For my own sanity, I've shortened "paradigms that promote code reuse" to "paradigms". In scope of this answer, all mentioned paradigms are paradigms that promote code reuse.
What I can't picture, is an example of the opposite.
A few examples of similar questions in less abstract contexts. Maybe this helps understanding why the opposite of something isn't always clear cut.
Cleaning your house is a chore (paradigm) that enables having a clean house. What is a chore that forces you to make the house dirty?
What's the opposite of a house? It is a flat plot of land or a hole in the ground in the (flipped) shape of a house?
What did people put on their heads before they had hats?
Opposites aren't absolute; they can be specific to a particular context (added in parentheses here). What is the opposite of a man?
- A boy? (age)
- A woman (gender)
- An animal? (civility)
- A machine? (organic/artificial)
- A mouse? (courage)
This question is very hard to answer. You're asking about the absence of a paradigm.
The issue here is that an absence isn't always explicitly named. It's a matter of what's likely to happen when there is nothing explict in place (a paradigm) to avoid code duplication.
- Without a paradigm in place, anything goes.
- When anything goes, then people (especially employees) tend to pick the path of least resistance.
- For code reuse specifically, copy/pasting code and slightly tweaking it is the most common way for code reuse to fall by the wayside.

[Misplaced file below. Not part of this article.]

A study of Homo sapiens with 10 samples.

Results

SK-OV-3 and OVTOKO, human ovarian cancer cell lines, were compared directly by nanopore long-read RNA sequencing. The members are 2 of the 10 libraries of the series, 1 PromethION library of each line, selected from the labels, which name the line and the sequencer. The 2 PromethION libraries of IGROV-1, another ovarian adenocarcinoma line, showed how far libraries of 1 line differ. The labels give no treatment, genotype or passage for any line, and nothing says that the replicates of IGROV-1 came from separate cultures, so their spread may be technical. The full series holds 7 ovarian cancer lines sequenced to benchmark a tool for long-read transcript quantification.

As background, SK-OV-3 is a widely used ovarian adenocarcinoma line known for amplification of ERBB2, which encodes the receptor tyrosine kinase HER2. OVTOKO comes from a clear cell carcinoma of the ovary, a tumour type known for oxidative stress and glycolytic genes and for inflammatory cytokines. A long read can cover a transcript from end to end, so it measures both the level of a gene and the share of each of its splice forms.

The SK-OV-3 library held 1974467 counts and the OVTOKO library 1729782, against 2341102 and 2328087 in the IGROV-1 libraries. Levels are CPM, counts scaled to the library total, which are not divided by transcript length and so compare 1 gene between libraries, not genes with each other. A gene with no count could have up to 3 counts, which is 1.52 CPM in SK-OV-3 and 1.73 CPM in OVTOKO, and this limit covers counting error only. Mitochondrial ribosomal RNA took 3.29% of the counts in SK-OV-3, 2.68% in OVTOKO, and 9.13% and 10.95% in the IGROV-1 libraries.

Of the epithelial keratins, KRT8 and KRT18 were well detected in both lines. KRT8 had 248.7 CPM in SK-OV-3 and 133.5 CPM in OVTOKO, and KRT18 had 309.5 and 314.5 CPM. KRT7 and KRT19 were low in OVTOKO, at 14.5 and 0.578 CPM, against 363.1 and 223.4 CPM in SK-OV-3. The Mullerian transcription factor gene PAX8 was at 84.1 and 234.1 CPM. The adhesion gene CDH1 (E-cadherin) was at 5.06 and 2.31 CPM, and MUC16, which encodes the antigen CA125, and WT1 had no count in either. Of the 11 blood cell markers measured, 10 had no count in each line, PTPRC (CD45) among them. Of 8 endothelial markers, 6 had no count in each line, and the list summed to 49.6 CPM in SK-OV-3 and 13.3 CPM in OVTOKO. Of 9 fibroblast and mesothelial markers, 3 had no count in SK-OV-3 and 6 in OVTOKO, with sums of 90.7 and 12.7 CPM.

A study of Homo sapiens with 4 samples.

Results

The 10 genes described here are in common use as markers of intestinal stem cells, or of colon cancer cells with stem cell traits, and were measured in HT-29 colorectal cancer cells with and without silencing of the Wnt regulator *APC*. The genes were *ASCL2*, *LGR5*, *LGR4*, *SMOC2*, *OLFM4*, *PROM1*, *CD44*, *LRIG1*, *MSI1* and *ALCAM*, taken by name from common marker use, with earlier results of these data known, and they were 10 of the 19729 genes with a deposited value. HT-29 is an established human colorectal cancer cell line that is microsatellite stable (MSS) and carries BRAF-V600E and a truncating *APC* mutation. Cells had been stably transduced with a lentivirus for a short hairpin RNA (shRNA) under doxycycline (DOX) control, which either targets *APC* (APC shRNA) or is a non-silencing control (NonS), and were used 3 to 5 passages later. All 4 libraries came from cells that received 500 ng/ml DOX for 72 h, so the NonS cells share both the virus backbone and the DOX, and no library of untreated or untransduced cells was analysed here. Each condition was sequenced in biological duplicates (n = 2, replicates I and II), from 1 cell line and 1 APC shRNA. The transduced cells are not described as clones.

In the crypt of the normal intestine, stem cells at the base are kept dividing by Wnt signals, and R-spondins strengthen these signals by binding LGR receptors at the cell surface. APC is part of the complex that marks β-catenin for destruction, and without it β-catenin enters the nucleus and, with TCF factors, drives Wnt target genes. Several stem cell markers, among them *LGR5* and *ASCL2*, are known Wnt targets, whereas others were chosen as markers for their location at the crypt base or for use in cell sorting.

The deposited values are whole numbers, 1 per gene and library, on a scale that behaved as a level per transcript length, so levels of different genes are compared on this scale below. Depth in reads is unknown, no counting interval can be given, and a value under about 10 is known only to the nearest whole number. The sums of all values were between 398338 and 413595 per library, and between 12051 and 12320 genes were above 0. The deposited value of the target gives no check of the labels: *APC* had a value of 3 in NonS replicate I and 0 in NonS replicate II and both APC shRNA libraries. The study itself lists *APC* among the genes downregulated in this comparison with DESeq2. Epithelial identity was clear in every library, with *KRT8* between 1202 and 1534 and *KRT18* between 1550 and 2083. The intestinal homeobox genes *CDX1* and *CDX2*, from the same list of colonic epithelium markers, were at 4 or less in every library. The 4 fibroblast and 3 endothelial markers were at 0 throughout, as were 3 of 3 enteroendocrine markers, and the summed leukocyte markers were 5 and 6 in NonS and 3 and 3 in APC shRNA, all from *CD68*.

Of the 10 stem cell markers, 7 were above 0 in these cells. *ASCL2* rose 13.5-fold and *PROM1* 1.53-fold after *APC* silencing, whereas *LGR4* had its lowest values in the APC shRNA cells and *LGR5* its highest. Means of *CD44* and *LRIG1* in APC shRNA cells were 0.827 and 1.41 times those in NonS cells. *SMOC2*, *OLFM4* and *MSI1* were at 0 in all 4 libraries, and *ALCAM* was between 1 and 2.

- The path of least resistance commonly chooses short term benefits (ease of implementation) over long term benefits (future maintenance).
- Repeatedly making decisions based on short term benefits over a long time period renders a codebase near unfixable.
To prevent this from happening, paradigms are put in place (ideally) from the start of the project. They effectively disallow the easy option, holding programmers to a minimum standard which avoids (or at least minimizes) the eventual future maintenance issues.
Interesting to note here is that not every path of least resistance is bad. You simply never hear about the good ones, because they never end up creating problems in the future (since they were good decisions to begin with).
When you focus on the things that cause problems, you inherently ignore the things that did not cause any problems.
This is like a doctor who complains that "everyone" is sick. They are not accurately assessing the world's population's health, they're just forgetting that the people who are not sick generally don't go to the doctor to begin with. Plenty of people in the world are healthy, but the doctor simply doesn't see them.
The only real answer to your question is projects that do not have the code reuse paradigms in place.
There is no paradigm that specifically avoids code reuse. There are, however, codebases that are devoid of paradigms and therefore are liable to eventually devolve into a codebase with little to no code reuse.
Part of me suspects that you're making inferences that are not actually implied. If I were to read a statement like:
The Flater Hospital's doctors all work to improve patients' health.
That doesn't imply that other doctors don't work to improve their patients' health, nor does it imply that at other hospitals, not all of the doctors work to improve patients' health.
Similarly, just because you know of two paradigms that promote code reuse, that does not imply that there must also be paradigms that promote code duplication (or explicitly avoid implementing code reuse).